CSUN is partnering with The University of Pennsylvania Graduate School of Education’s Center for Minority Serving Institutions on HSI Pathways to the Professoriate, which is supported by a $5.1 million grant from the Andrew W. Mellon Foundation.
The program aims to prepare undergraduate students in the humanities and related fields to pursue a career in the professoriate by providing programming that prepares them for admission to and persistence through a Ph.D. program. The grant supports research into the faculty pipeline for Latina/o students and has an aim of increasing the number of Latina/o professors working in the humanities at U.S. colleges and universities.
Over the next five years, we will prepare 30 CSUN students for a Ph.D. program in the humanities or a related field. They will receive extensive support here at CSUN:They will be matched with an HSI Pathways/Mellon Faculty Mentor at CSUN, who will meet with them regularly to support the Student Fellow’s preparation for graduate school;
- They will attend programming throughout the academic year related to graduate student success;
- They will receive support through the application process, including preparation for the GRE;
- They will attend a six-week Summer Seminar (room, board, and stipend supplied) to immerse themselves in the process of building skill sets necessary to success in a Ph.D. program;
- They will take part in an intensive research program and will participate in cross-institutional conferences.
The HSI Pathways/Mellon Student Fellows will be connected online with the HSI Pathways Mellon Student Fellows at the other two participating HSI campuses (The University of Texas at El Paso and Florida International University) and will have the opportunity to connect with HSI Pathways/Mellon Faculty Mentors on those campuses and in graduate programs at the five participating Majority Research Institutions (University of Pennsylvania, New York University, Northwestern, UC Berkeley, and UC Davis). CSUN’s Student Fellows will receive support in their transition to graduate school, and will continue their mentoring with a faculty member at their graduate campus.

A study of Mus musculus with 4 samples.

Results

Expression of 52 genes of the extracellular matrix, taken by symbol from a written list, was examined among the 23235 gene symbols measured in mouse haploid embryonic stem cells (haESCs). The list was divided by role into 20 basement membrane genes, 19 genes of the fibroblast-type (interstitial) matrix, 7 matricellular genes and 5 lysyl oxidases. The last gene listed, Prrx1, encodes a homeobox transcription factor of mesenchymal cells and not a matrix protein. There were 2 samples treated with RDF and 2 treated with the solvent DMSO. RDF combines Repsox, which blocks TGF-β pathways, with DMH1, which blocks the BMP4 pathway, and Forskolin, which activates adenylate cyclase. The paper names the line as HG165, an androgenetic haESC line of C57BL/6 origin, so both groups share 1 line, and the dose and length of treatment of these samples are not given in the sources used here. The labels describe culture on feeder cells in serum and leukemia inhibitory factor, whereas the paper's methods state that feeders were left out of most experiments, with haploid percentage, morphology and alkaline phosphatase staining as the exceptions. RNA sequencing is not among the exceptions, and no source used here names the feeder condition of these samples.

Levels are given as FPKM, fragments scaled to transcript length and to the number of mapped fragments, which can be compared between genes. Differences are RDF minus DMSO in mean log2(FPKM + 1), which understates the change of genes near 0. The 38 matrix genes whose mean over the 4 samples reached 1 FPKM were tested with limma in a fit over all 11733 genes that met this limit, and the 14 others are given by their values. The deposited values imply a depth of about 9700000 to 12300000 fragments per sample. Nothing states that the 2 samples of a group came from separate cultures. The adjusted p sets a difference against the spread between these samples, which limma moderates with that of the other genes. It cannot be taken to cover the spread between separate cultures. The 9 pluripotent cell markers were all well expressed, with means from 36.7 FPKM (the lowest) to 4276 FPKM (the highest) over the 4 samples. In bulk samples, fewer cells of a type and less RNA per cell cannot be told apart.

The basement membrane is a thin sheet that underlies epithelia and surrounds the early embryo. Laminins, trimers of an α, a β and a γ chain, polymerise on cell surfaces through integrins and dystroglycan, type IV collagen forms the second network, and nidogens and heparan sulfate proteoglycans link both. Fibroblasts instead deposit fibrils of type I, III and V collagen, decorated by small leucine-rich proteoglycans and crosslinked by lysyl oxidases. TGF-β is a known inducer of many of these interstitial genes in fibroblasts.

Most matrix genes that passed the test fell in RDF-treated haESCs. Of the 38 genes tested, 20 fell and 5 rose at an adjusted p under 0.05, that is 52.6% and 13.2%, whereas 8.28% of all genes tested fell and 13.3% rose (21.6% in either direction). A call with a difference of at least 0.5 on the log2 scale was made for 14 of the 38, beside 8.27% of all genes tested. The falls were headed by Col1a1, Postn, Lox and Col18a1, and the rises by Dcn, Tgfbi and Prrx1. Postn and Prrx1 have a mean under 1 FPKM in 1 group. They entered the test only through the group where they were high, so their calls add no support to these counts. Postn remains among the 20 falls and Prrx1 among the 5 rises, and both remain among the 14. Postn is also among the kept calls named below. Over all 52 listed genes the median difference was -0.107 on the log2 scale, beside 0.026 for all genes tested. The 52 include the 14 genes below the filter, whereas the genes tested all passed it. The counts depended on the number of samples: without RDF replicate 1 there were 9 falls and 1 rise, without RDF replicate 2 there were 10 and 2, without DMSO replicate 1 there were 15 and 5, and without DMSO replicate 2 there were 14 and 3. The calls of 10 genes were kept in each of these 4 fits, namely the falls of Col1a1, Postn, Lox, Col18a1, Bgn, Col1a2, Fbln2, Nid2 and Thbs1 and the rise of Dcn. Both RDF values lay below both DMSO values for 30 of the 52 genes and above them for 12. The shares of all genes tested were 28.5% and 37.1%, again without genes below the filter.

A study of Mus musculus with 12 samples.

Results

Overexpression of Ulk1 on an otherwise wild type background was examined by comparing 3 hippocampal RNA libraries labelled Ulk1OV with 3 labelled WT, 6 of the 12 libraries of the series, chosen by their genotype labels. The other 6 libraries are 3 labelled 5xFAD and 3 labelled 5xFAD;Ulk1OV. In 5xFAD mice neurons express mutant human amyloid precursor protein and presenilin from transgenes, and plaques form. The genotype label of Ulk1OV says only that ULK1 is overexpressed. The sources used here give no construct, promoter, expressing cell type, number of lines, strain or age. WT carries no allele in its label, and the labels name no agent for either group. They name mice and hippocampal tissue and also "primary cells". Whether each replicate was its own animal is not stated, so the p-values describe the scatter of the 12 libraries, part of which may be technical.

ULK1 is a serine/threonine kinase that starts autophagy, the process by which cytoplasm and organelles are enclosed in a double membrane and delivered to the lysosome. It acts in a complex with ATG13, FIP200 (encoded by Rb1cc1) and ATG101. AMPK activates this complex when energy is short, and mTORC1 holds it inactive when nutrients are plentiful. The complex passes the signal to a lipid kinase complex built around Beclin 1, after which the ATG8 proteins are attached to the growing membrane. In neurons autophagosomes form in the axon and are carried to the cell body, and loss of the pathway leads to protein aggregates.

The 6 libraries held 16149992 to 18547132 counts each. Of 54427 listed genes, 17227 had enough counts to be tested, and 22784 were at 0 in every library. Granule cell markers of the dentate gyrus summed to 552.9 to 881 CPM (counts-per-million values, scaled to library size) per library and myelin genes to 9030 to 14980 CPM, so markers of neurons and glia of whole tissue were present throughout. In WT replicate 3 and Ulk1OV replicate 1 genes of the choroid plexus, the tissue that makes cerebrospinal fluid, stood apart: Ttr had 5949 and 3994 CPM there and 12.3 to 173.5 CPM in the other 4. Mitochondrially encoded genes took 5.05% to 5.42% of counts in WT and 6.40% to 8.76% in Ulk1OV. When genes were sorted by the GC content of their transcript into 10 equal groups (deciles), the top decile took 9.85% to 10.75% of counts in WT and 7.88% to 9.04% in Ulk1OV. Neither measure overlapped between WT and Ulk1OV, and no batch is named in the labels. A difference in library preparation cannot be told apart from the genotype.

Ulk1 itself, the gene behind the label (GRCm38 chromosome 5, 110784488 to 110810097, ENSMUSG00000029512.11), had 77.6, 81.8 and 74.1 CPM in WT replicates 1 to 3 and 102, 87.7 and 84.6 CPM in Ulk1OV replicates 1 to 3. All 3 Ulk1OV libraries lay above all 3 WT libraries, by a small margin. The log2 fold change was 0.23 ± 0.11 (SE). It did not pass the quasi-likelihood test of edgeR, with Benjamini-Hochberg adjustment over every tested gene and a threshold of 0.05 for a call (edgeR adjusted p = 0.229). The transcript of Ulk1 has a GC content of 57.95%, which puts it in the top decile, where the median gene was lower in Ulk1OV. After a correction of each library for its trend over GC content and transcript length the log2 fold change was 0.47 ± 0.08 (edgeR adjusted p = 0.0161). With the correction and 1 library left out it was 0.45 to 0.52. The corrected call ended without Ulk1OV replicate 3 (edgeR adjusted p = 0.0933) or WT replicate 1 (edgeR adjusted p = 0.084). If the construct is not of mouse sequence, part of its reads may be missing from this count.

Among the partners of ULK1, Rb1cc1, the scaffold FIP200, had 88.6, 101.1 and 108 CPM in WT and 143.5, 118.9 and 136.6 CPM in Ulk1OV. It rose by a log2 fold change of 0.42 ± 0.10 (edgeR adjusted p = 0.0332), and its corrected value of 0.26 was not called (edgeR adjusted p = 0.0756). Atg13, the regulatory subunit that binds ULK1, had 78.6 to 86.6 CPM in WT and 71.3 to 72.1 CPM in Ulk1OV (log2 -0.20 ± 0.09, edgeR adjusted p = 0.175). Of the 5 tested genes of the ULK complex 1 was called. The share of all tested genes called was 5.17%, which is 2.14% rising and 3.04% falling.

This program comes as colleges and universities across the United States are trying, and often struggling, to develop a faculty that reflects the nation’s growing ethnic and cultural diversity. Latina/os make up only 4.1 percent of the professoriate in the United States, but 20 percent of the population aged 18-44. “This is not a problem that can be fixed overnight,” says Marybeth Gasman, director of the Center for MSIs and Project Lead for HSI Pathways to the Professoriate. “We see this program as a way to begin a fundamental change. We hope this creates a strong pathway to graduate school for Latino students that will grow over time, with these students supporting one another, and one day becoming mentors themselves.”
Throughout the grant, the Penn Center for MSIs will be conducting assessments of student progress in an attempt to, as Gasman states, “find the leaks in the pipeline.” CSUN will also assess student progress in an attempt to learn what programming could especially benefit other CSUN students interested in joining the professoriate.